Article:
Ask the MLAworks-cited list
How do I cite song lyrics?
The way you cite song lyrics will vary depending on how you access them and how much information you include in the body of your essay.
If you cite song lyrics from a CD you listened to, you might simply refer to the song in your essay:
“You say you got a real solution,” the Beatles sing in “Revolution 1.”
You can then provide a works-cited-list entry for the album that contains the song. Follow the MLA template of core elements: list the name of the performer or band as the author, the name of the album as the title of the source, the publisher, and the date. In the optional-element slot at the end of the entry, list the format:
If you cite song lyrics from a booklet accompanying the CD, list a description in the “Title of source” slot and the name of the album as the title of the container:
The Beatles. Booklet. The Beatles, EMI Records, 1968.
If you cite lyrics from a Web site, provide a description in place of the title. Then provide the name of the Web site, publication information for the site, and the URL:
The Beatles. Lyrics to “Revolution 1.” Genius, 2017, genius.com/The-beatles-revolution-i-lyrics.
Published 11 October 2017
Simply put: no.
APA's Publication Manual (2010) indicates that, in the body of your paper, you should use italics for the titles of:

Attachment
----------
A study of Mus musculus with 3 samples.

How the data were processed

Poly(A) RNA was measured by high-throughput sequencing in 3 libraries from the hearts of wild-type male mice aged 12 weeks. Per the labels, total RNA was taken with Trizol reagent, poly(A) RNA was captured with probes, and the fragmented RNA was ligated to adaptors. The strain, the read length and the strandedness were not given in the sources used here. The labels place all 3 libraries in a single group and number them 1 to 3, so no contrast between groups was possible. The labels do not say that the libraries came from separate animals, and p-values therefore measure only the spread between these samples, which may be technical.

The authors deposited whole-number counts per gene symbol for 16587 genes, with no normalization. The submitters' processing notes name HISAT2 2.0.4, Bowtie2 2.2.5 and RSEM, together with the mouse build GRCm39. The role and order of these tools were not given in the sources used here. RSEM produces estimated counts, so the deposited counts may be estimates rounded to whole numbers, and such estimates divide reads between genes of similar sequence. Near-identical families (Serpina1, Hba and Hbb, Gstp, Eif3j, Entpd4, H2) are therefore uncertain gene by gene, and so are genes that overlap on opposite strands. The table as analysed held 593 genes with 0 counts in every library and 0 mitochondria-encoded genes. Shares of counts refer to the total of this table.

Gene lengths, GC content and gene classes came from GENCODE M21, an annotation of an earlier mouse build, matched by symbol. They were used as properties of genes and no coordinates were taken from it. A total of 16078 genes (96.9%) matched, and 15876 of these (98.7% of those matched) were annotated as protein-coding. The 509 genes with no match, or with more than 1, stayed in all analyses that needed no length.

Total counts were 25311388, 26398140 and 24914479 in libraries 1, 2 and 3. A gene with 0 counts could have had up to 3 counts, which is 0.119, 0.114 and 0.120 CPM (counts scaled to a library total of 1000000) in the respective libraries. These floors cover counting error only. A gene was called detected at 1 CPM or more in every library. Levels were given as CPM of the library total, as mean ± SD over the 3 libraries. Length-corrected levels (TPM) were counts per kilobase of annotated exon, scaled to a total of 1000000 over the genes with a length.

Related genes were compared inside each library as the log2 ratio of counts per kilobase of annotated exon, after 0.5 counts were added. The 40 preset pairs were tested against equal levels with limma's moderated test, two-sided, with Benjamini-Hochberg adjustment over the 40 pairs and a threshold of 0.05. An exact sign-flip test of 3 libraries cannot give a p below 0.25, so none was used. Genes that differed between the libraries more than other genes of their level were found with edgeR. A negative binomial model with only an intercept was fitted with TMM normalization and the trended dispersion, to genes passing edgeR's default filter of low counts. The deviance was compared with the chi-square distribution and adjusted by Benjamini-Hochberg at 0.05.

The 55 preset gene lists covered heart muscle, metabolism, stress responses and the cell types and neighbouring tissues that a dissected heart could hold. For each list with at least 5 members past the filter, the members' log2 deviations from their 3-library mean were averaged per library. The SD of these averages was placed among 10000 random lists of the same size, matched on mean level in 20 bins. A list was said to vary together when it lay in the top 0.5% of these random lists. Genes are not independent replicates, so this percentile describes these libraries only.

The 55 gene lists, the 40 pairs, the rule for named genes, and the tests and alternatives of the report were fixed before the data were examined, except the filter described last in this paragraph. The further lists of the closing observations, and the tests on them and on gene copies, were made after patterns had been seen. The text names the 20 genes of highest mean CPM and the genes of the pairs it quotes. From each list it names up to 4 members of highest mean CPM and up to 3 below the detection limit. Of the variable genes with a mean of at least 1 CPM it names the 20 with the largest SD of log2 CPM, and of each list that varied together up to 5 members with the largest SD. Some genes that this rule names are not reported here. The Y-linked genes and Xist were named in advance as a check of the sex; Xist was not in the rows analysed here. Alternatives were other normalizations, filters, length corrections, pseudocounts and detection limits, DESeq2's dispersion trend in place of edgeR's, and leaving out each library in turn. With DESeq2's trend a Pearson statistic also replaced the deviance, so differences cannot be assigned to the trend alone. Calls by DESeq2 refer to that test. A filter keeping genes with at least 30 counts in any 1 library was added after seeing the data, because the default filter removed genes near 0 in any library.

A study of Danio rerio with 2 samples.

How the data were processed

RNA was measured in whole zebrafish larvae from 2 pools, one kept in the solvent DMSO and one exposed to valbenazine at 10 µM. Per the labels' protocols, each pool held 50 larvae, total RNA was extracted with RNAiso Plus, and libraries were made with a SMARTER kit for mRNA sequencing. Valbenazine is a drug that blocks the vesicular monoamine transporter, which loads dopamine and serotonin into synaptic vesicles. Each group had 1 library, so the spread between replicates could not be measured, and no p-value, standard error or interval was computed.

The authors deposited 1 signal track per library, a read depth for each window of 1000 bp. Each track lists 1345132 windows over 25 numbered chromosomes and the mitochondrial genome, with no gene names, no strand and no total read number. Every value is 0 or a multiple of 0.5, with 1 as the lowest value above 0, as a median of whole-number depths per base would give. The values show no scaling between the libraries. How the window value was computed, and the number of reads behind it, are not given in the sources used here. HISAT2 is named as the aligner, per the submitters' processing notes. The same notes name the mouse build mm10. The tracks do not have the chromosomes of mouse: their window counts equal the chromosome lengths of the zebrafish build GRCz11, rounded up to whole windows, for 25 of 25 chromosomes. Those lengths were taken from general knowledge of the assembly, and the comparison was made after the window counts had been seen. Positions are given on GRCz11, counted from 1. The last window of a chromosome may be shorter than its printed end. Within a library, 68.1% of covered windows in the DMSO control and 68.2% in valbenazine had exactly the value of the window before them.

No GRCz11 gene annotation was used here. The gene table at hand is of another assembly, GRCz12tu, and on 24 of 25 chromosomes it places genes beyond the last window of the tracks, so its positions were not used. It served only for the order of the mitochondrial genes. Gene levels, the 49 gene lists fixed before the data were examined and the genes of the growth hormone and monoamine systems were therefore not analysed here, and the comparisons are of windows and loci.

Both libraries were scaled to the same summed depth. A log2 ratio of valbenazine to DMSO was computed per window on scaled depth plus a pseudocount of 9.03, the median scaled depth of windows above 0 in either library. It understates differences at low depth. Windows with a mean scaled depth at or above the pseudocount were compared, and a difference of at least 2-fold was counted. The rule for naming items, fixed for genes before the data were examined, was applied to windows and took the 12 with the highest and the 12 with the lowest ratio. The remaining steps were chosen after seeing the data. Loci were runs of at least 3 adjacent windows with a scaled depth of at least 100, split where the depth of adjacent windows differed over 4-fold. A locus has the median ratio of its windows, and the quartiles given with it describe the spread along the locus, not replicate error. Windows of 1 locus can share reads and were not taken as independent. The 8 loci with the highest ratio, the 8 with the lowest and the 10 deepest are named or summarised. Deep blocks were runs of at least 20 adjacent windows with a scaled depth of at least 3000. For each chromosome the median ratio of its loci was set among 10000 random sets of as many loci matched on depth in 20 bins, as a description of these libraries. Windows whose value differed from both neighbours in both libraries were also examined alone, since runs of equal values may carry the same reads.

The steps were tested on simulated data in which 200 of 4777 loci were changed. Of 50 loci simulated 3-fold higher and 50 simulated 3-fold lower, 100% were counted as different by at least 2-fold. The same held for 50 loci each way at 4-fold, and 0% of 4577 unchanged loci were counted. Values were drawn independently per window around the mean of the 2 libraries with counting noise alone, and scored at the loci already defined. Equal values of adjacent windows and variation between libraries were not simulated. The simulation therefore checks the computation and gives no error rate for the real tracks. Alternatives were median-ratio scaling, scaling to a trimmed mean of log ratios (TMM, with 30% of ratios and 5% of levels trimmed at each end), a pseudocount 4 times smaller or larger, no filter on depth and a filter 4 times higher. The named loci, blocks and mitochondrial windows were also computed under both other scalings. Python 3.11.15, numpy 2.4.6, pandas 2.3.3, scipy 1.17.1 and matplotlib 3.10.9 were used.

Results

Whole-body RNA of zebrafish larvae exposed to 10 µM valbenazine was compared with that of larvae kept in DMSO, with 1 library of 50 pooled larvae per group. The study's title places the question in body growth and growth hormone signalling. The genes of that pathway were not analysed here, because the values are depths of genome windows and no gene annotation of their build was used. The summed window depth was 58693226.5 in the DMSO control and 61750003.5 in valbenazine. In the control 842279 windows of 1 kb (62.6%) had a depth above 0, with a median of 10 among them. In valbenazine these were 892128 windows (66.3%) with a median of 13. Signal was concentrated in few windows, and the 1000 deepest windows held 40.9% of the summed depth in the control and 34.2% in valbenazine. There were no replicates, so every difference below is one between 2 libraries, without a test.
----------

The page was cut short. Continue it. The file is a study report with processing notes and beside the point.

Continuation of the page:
- periodicals (journals, magazines, newspapers)
- TV shows
- Microfilm publications
Beyond APA's specific examples, know that certain types of titles are almost always written in italics.
Use italics in a word-processed document for the types of titles you'd underline if you were writing by hand. A general rule of thumb is that within the text of a paper, italicize the title of complete works but put quotation marks around titles of parts within a complete work.
The table below isn't comprehensive, but it's a good starting point
|Titles in Italics||Titles Placed in "Quotation Marks"|
|Title of a periodical (magazine, journal, newspaper)||Title of article in a periodical|
|Title of a book||Title of a chapter in a book|
|Title of a movie or play||Name of an act or scene in a movie or a play|
|Title of a television or radio series||Title of an episode within a tv or radio series|
|Title of a musical album or CD||Title of a song|
|Title of a long poem||Title of a short poem|
|Names of operas or long musical composition|
|Names of paintings and sculptures|
Title of a short story
On an APA-style reference page, the rules for titles are a little different. In short, a title you would italicize within the body of a paper will also be italicized on a reference page. However, a title you'd place in quotation marks within the body of the paper (such as the title of an article within a journal) will be written in normal lettering and will not be in quotation marks.
Here are some examples:
Smith (2001) research is fully described in the Journal of Higher Education.
Smith's (2001) article "College Admissions See Increase" was published in the Journal of Higher Education after his pivotal study on the admissions process.